One of the winners of our first challenge in this year’s F1 Connectivity Innovation Prize talks us through the value of working in a small and creative team, and describes the story of man and wife meets machine, meets data…
My first memory of Formula One is vivid, despite being around twenty years ago. It was the 1994 Australian Grand Prix and the image of Damon Hill and Michael Schumacher colliding is one that has been set in my memory since, igniting my passion for the sport and the belief that it truly is one of the most competitive environments on earth. My day job involves designing and managing electronic trading platforms, everyday life is entrenched with data. That’s what really jumps out at me about the sport and the F1 Connectivity Innovation Prize; it’s a combination of driver, machine and now more than ever, data.
It’s certainly a sport that has both fan and driver experience at the heart of it, which is clear in its constant nature of innovation. My interest was initially peaked last year when I heard the winners announced, as the sport has evolved the challenge offers the opportunity to create a game changer, which is incredibly exciting.
The interest I have in the sport was enough to make me want to enter, but it was once I had partnered with my wife that we really embraced the task at hand. It’s a partnership of man and wife, of F1 enthusiast and keen designer, which struck a real balance of what needed to be done from both a technical and design perspective. We brainstormed ideas and worked to the background noise of Formula One races, critiquing each thought until we got our winning idea.
It was extremely important that we put ourselves in the mind-set of Mercedes AMG Petronas race engineers; they face multiple challenges and a mountain of data, which is what inspired us to pursue this idea in particular. The first thing they must do is get the telemetry data into their mind as quickly as possible from the point of it being generated by the car, interpret it and determine whether there are any anomalies which could present an advantage or a disadvantage in the race. We set out to create a feature to support the engineer and enhance the technology behind the race, assisting the people of F1 to build on the sophisticated technologies already in use.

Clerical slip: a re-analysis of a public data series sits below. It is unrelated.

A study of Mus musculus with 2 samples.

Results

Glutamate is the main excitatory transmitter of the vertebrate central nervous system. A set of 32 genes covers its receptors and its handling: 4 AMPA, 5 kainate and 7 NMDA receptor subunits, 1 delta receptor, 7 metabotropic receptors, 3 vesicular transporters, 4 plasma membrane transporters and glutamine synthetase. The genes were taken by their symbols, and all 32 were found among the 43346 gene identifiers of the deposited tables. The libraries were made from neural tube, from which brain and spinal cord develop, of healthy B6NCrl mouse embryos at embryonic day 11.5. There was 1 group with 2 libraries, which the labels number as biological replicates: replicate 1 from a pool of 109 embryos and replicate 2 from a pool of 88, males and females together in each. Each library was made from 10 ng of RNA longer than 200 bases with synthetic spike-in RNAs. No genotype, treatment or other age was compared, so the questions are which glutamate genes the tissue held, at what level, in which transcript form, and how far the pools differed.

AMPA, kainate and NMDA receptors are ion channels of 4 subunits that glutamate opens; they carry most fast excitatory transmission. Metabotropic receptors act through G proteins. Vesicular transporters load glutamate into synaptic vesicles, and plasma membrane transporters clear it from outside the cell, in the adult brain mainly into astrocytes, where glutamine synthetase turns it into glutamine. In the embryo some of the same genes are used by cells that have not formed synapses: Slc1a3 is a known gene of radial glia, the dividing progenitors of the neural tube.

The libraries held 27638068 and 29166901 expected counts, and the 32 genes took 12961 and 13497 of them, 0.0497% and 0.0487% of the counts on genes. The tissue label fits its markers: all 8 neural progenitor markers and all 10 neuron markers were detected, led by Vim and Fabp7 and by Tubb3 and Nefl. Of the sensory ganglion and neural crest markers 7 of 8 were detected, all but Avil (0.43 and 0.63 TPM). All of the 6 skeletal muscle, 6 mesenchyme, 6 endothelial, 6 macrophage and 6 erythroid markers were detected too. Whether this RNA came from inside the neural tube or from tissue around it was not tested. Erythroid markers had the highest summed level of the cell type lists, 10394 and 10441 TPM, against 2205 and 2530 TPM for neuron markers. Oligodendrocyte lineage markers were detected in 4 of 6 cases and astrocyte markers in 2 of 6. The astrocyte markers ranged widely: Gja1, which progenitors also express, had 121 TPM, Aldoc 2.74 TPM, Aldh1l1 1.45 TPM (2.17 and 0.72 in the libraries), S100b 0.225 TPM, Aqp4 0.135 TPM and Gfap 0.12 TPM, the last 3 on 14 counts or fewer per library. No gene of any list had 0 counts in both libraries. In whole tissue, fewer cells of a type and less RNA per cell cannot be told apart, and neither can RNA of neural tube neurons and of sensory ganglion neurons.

With this purpose in mind, and looking at the obstacle from the perspective of the driver and engineer, we decided to apply the machine learning concept to this challenge. By using previous track session data gathered during practice runs, we could create a predictive model for each sensor variable, and if the actual value at that moment in time was outside the predicted range an alert would be triggered to the engineer. The process involved sketches, tonnes of research on the technologies that could bring it to life, and what we would need to construct the application.
My background means that I am conscious that mistakes can be costly, decisions must be made quickly and depend on a great deal of data being consumed. Our idea centres around predicting the possible anomalies in the telemetry data, which seems simple but the potential advantages are very real, which could have helped the success of our entry. We learnt that sticking to the brief is critical, this may go without saying but we referred to the brief over and over again, to digest the information properly. Also, we would say that anyone considering entering the FCIP works in a small team. This was great for us and gave us someone else to bounce ideas off, while constantly sparking creativity and new ideas.
In today’s F1 environment every bit of data that can be collected has huge value and the lack of on track testing time for the teams has magnified this. Looking forward, I would love to see the fan experience enhanced even further by involving the fans that bit more, with Formula One working with its partners to push out data during and after the race, it would be incredibly interesting to see the effect these insights have on the experience.